The Hays UK Salary & Recruiting Trends 2018 guide revealed a cautiously optimistic outlook for the year ahead, with 57% of accountancy and finance employers expecting to recruit in the coming year. However, despite this positive feeling, both employers and candidates we spoke to felt there were challenges ahead.
One of the most prevalent concerns was around the widespread influence on skills shortages in the market. 68% of employers said they had experienced moderate to extreme skills shortages in accountancy and finance in the past year, impacting productivity and contributing to workplace stress. The shortage of suitable applicants, which 76% of employers said was their top recruitment challenge, is particularly impactful on areas showing increased activity, such as payroll and audit, risk and compliance. This is leading to wage pressures and subsequent increases to salary offerings. Payroll professionals for instance had a boost of 4.2% to their salaries in an attempt to attract skilled professionals. This increase in demand, partly due to legislative changes and increased reporting requirements, resulted in salary rises far in excess of the average for accountancy and finance employees (1.4%).
The worse skills shortages are, the more in-demand talented finance professionals become, leading to further wage pressure and fierce competition to find the necessary talent. Here are three recommendations from the UK salary guide to help you overcome skills shortages and attract the staff you need:
Make workforce planning a key strategic priority
Planning your workforce for the year ahead (and beyond) needs to be a component of every business strategy. Understanding the wide range of workforce solutions available should be a priority if you want to find the best option for your organisation. If you need a qualified accountant for a particular project, but don’t expect the need to continue, consider a temp. But if you are continually hiring temps to deal with increased demand, a permanent member of staff may be a more cost effective solution. If you need workload support in the short-term, but expect to need more strategic support in the long run, hiring a junior, part-qualified accountant or even an apprentice and investing in their ongoing development may be the way forward.
Strategically balancing your short and long-term requirements like this will help you to identify the most effective strategies for recruitment, allowing you to mitigate effects of the skills shortages while continuing to meet business activity needs and fulfil key objectives.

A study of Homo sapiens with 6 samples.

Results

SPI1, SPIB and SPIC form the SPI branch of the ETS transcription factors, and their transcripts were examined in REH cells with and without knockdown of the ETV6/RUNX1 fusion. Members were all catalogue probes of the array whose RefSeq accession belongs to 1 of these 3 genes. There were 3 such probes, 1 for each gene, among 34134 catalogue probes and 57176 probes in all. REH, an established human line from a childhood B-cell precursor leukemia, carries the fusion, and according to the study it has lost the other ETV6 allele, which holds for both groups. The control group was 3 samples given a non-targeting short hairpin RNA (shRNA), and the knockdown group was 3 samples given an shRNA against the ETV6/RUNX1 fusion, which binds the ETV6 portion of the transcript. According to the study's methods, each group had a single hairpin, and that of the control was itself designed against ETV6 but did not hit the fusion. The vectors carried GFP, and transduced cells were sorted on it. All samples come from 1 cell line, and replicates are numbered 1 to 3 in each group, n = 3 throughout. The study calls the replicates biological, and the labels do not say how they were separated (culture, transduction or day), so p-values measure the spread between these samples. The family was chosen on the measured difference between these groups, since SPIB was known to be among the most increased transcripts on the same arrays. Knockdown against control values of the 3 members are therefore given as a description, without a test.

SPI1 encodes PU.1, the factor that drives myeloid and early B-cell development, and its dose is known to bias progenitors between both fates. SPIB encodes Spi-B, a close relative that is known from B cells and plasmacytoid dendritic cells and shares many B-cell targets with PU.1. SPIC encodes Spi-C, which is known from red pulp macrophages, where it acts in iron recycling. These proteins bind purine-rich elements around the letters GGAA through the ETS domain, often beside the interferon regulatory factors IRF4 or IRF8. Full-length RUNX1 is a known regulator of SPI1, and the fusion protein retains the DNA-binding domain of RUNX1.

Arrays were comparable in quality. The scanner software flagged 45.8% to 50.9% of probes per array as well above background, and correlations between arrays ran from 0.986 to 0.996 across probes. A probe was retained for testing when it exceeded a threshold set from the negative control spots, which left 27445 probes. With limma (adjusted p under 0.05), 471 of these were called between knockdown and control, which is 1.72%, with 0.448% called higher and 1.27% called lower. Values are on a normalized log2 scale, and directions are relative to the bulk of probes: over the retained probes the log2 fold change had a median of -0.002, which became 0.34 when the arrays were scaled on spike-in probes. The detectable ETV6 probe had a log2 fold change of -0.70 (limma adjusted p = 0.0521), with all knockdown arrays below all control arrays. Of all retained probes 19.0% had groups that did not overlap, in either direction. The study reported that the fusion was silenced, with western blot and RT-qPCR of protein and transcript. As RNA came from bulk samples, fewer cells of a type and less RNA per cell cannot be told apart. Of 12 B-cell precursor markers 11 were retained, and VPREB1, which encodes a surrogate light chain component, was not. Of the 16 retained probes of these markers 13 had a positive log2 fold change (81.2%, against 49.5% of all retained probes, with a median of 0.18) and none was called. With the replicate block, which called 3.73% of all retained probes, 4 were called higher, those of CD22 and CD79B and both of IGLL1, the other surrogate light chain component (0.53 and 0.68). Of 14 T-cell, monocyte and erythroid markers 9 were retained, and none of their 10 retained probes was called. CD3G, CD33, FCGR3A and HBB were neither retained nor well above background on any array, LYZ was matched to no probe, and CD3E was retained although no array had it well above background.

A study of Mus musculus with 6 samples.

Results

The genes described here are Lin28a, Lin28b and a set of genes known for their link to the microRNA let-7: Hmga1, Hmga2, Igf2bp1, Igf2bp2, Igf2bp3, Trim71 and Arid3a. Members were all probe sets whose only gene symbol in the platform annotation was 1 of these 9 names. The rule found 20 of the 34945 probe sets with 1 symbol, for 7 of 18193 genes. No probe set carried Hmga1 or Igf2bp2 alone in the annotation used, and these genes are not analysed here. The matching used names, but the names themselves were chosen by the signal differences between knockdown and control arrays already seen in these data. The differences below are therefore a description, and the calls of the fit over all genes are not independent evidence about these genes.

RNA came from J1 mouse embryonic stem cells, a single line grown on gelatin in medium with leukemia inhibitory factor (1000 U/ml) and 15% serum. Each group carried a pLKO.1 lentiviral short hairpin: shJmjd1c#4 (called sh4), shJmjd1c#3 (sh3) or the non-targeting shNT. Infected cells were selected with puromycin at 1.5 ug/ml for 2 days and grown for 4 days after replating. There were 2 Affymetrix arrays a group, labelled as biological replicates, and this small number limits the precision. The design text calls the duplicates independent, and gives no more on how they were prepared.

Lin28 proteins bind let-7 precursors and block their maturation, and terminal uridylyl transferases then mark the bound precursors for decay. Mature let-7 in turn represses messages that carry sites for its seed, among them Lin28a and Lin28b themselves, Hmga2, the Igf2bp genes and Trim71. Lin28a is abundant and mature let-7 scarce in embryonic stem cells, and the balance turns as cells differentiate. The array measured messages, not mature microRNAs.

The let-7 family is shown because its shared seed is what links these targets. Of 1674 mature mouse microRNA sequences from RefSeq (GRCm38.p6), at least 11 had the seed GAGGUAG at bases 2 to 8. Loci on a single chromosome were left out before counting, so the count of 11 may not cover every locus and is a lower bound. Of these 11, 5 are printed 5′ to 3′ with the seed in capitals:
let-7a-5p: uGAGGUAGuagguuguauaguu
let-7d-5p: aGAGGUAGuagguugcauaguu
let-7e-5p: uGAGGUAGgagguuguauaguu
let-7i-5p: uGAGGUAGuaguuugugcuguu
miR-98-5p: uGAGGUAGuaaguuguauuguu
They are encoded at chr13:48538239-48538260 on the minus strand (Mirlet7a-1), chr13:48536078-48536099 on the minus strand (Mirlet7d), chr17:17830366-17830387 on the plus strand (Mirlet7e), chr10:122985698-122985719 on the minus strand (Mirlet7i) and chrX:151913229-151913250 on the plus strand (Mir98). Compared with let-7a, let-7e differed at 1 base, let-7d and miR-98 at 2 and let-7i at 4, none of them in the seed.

Invest in your employer brand to compete for talent
Ensuring that you have a strong employer brand has never been more essential given how prevalent skills shortages are. As we noted with payroll, competition for candidates has intensified and employers should target their offering to appeal to the specific type of candidate they want to attract.
Having a strong employee value proposition is central to this. Salary levels need to be benchmarked accurately, while progression opportunities and training investment need to be well-promoted. Employees want to be able to get an insight into what it is truly like to work at your organisation. In particular, make sure you clearly publicise any benefit your organisation can offer which involves flexible working or working from home, as 40% of accountancy and finance professionals currently rate their work-life balance as very poor to average. Professionals who view your organisation as one which values the needs and desires of its employees will be far more likely to apply to your roles.
Utilise contingent workers for more than just projects
Employers should reconsider their approach to hiring temporary workers, and indeed many organisations are already doing so. Instead of using temps or interims to plug gaps, add resource to key projects or react to peaks in demand, they can be used to help alleviate some of the pressure caused by increased workloads. Temporary professionals hired specifically to handle the everyday tasks in your organisation will free up your permanent staff to work on strategically valuable projects. This will allow your teams to focus on growing your organisation and help you to retain critical knowledge within your business once the project goes live, rather than risk it leaving your business with the temp or interim you employed.
These three techniques could help you plan the best course of action for your organisation. By making informed decisions, you can not only track down the right talent for your organisation, but also improve the morale of your existing employees to help you retain your key talent.
For more information about how to become an employer of choice, and to discover detailed insights into the accountancy and finance sector as a whole, request your copy of the salary guide at hays.co.uk/salary-guide.
If you are looking for support with your recruitment needs in this field, please contact your local office.
About this author
Karen is a Director and recruiting expert at Hays Accountancy & Finance. She provides strategic leadership to a team of 400 accountancy and finance recruitment professionals across 100 UK offices. With 20 years of finance recruitment experience, Karen has a track record of recruiting top finance talent for businesses across a range of industry sectors, and is a trusted industry voice on career planning and market insights.